Thursday, January 11, 2018

Thursday's New York Times puzzle solved: January 11, 2018

My time: 17:21.


Just kidding.  This puzzle plays with interruption and how we depict that in writing.  I don't know if any other puzzle has included a dash before, but it's very clever.  "Line from someone who's been interrupted" is the clue for three answers, which are PLEASE LET ME FIN-, DO I LOOK LIKE I'M D-, and QUIET, I WAS SPEAK-.  Underneath each is a clued continuation.  They are, respectively: "kinda" is ISH, "joined" is ONE, and "Beethoven's Minuet ____" is IN G, or ING when used as a continuation for the third interrupted clue above.

The fun thing is that the dashes are part of the clue, so the the crossfill incorporates the dashes: HI-C, A-Z, and NO-NO.

"Hasbro toy that involves pulling and twisting" is BOP IT.  After my time.  Now there's an updated version where you can selfie it and sing it!

"School located in San Luis Obispo" is CAL POLY.  Officially it's California Polytechnic State University, but you wouldn't know that by looking at their web page.  The name of the city seemed familiar, and indeed it was an answer on September 30, 2017.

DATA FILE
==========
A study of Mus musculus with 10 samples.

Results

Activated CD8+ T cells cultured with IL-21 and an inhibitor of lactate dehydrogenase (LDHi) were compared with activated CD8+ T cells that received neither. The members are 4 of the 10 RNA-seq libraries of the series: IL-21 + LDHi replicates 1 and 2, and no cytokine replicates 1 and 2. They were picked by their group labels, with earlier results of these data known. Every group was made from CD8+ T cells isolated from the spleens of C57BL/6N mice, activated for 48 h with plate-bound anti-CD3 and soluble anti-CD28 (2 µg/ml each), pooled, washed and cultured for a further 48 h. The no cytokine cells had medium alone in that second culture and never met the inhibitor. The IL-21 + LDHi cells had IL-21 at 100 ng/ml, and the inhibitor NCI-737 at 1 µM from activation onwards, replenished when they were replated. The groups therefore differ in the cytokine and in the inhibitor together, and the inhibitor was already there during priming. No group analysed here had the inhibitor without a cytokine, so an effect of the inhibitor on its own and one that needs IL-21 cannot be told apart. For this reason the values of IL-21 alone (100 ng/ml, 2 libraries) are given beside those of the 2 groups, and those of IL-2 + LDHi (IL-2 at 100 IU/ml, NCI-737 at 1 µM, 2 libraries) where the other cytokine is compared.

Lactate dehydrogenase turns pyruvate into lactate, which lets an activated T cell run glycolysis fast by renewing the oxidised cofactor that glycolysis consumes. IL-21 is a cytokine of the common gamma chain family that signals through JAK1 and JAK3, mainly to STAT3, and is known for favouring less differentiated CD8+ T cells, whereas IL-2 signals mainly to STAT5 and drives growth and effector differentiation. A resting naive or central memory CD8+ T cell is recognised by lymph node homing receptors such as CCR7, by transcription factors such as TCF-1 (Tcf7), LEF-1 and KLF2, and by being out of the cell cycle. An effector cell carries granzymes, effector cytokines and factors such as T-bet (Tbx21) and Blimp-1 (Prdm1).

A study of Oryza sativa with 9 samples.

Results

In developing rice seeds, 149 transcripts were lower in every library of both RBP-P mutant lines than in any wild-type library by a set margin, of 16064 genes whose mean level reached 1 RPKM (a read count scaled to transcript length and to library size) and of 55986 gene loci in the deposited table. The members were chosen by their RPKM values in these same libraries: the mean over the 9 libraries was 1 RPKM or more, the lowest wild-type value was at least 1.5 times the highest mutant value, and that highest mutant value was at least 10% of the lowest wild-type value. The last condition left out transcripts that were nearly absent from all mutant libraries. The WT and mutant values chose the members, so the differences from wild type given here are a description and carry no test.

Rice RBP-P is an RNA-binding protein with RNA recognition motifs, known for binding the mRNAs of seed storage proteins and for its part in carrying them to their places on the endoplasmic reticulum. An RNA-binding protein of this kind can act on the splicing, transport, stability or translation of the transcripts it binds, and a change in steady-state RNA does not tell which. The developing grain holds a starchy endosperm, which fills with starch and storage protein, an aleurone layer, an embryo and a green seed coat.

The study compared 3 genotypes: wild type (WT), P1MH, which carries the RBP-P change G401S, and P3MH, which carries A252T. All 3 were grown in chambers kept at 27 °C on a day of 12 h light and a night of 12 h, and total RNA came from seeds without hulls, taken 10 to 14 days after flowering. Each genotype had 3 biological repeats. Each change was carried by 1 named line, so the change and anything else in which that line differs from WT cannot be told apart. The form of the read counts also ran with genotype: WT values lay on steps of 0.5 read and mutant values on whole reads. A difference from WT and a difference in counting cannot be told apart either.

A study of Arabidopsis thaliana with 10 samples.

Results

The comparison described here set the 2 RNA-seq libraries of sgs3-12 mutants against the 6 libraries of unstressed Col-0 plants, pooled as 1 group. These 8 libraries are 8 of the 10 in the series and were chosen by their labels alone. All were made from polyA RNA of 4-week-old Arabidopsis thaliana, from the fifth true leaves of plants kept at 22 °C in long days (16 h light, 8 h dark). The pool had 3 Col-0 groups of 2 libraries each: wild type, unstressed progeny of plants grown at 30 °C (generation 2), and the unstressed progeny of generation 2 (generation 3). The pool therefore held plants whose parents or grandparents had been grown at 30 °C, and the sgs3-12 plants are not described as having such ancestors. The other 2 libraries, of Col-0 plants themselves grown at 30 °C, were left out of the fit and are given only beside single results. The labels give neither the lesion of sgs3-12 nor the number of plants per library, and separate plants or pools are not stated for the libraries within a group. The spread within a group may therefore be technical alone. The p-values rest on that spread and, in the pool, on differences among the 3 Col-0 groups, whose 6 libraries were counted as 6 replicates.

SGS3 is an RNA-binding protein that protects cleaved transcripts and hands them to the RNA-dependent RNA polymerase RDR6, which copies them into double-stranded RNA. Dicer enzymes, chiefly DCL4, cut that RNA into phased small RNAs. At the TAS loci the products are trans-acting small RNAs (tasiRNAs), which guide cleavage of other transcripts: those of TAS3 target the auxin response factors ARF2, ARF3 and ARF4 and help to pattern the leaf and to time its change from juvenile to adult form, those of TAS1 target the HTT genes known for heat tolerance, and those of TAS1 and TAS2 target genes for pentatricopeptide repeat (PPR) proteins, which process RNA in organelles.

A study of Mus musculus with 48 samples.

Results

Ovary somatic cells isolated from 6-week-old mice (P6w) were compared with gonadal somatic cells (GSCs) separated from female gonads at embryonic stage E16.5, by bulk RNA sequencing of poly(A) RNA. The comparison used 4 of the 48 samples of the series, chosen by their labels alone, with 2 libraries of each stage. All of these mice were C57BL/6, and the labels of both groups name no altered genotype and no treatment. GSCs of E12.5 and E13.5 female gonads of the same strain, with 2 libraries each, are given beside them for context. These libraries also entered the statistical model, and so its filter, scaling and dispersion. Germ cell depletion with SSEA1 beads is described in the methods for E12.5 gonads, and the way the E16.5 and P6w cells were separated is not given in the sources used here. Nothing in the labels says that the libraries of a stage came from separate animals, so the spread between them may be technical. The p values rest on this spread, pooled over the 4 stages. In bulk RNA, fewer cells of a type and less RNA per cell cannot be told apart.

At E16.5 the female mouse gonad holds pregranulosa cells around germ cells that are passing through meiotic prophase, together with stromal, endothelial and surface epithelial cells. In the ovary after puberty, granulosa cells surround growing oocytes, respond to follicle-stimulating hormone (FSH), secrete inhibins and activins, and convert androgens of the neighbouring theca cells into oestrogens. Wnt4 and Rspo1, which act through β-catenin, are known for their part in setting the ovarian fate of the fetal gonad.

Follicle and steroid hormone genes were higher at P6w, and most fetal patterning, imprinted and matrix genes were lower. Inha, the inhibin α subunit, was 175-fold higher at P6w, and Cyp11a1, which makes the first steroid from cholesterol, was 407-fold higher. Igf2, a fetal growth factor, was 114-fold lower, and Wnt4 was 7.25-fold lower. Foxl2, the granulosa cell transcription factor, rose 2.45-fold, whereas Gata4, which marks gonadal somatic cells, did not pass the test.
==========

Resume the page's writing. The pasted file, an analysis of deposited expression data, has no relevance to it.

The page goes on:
I was totally baffled by "Some canasta plays."  I'm not a group card game player.  For some reason I kept thinking of castanets.  Anyway, it's MELDS.  In the game, a meld is a grouping of cards of the same rank, such as a group of queens.  A meld of seven or more cards is called a canasta.

NAN Goldin is an American painter whose images often feature LGBT themes.

Mercedes RUEHL, who won an Oscar and a Golden Globe for her role in The Fisher King, has a hard name to spell.

MAUNA Loa, it's been a while.

I've never heard of George AIKEN, governor of Vermont and then senator for Vermont from 1941-1975.  A Republican, he supported an early form of food stamps, the Full Employment Act, aid to education, and a minimum wage.  He also opposed Joe McCarthy.  The Republican platform has changed 180 degrees since the 1940s and '50s.

Clever clues: "What may take its toll?" is HWY.  "Is appealing" is PLEADS.  "Body shot?" is MRI SCAN.  "Provider of global support?" is ATLAS.  "Exchanged bonds?' is I DOS.

That's AWLS she wrote, so ADO for now.